Today I was on the phone with a private lender when I heard my son shouting from the top of his lungs. He cried for help, just before falling down from the balcony’s deck down on the ground. Luckily he landed on a patch of grass we had near the house, otherwise he would have been in serious pain. He could have broken an arm or a leg. He was incredibly lucky.

When I heard his shout, I knew something was wrong. I felt cold chills on my spine. For a second I closed my eyes, fearing the outcome. I was sure that he might have done something he should not have. I just prayed that he would survive it, no matter that was. The last time, I heard him calling me for help on such a tone, he had got his head stuck between the metal bars of the balcony and couldn’t come out. Obviously that we had to call a neighbour to his rescue and cut one of the bars, so that we could free him.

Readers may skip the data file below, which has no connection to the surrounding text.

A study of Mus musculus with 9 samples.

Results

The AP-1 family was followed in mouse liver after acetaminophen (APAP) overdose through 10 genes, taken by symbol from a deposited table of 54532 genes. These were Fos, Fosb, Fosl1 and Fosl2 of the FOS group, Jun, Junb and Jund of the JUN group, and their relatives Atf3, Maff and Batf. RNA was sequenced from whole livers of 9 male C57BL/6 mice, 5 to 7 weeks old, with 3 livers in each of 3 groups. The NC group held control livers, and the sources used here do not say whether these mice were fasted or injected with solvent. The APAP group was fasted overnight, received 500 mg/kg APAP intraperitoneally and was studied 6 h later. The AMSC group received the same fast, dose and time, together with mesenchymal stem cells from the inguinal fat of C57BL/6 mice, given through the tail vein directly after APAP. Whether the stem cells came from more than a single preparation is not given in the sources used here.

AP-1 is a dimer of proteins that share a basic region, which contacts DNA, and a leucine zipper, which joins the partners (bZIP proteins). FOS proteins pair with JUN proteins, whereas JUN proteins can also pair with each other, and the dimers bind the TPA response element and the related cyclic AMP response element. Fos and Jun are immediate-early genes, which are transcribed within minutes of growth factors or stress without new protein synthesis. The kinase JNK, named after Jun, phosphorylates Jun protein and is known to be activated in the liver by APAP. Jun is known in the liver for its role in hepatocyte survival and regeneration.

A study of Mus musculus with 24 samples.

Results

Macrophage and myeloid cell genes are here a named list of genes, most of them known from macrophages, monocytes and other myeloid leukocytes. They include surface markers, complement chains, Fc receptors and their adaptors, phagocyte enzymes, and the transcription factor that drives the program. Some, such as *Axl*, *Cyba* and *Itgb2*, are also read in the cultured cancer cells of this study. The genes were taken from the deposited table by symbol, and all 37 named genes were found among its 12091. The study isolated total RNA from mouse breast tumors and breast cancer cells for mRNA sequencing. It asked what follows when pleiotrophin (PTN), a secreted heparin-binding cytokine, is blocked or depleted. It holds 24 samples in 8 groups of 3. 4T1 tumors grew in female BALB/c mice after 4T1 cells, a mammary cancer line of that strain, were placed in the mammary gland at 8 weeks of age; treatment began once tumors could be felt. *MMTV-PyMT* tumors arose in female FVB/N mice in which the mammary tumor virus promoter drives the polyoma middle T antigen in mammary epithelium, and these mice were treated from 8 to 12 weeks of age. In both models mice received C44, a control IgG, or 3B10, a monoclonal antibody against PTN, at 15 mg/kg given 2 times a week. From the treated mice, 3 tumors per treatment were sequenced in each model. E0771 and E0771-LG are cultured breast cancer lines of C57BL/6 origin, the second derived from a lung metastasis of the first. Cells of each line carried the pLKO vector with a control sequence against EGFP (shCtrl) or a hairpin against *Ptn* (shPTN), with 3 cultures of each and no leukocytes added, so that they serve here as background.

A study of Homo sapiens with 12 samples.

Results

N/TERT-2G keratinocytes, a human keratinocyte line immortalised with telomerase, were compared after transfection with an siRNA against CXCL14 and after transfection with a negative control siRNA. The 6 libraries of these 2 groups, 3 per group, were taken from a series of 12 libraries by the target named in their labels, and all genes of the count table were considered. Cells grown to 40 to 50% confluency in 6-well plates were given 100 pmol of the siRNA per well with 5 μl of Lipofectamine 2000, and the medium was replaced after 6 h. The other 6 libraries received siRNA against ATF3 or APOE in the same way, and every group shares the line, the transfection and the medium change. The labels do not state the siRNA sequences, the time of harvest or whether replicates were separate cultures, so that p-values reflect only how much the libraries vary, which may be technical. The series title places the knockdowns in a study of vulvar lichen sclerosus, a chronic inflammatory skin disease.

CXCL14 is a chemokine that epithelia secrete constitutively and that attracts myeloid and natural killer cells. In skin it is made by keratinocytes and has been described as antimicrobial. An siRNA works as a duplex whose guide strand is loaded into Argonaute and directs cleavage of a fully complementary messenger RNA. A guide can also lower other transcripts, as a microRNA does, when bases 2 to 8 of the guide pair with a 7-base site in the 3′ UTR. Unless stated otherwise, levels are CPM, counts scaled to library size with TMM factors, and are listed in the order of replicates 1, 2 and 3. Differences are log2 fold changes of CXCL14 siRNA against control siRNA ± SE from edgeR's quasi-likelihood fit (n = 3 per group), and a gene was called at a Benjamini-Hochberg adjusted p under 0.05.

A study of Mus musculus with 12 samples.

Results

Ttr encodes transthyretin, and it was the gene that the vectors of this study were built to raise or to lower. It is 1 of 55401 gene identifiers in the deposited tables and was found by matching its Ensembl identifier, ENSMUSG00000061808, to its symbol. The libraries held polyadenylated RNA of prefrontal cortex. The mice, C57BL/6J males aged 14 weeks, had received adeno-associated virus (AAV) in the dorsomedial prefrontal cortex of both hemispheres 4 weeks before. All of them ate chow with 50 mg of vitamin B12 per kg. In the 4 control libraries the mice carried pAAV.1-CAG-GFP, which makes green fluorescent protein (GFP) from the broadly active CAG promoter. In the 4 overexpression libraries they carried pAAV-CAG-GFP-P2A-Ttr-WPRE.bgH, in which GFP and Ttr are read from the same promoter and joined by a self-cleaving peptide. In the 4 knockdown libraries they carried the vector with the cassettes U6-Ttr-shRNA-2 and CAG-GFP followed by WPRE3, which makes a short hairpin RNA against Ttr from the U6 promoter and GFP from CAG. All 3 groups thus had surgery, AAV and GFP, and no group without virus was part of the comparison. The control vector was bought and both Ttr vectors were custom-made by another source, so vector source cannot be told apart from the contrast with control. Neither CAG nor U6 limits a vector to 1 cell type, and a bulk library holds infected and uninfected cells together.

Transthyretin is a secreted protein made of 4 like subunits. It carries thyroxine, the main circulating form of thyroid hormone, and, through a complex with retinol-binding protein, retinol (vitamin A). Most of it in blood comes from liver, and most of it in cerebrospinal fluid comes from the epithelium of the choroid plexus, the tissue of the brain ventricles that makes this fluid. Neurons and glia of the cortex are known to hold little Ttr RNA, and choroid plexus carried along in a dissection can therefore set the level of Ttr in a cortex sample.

While I was still holding the phone and telling the tender to excuse me a second, I ran towards the living room. That’s where his shout came from. As I entered the room, I noted that the sliding doors towards the balcony were open. Since he was nowhere in sight, I rushed there, thinking he might have fallen down.  When I looked down I saw that my assumption was right.  

He had climbed over the bars, trying to get down on the other side and then jump down, but halfway through he had lost his balance and fell. 

From the moment he called me and by the time I actually reached the balcony, he managed to come out of the fear and the shock caused by the fall and reposition himself. He even put a smile on his face when he saw me, thinking that it might ease his punishment for disobeying my rules and ignoring my warnings. 

I was happy to see he was alive, but I knew that I had to do something to prevent such future events. Even if there was not a big distance from the top of the balcony to the ground, maybe around a meter and a half, that could have been fatal for a kid his age. Thus, although I was relieved he was fine, I continued to have a long face. I asked him if he was in pain, if he could move. He nodded his head as a yes. I invited him to come inside the house because we needed to talk. He replied: “I knew that was coming!”

 

The author:

author

Barbara Johnson is a Ontario businesswoman, speaker and blogger specializing in social networking strategies. She holds a Master of Science in ECommerce from the University of Toronto.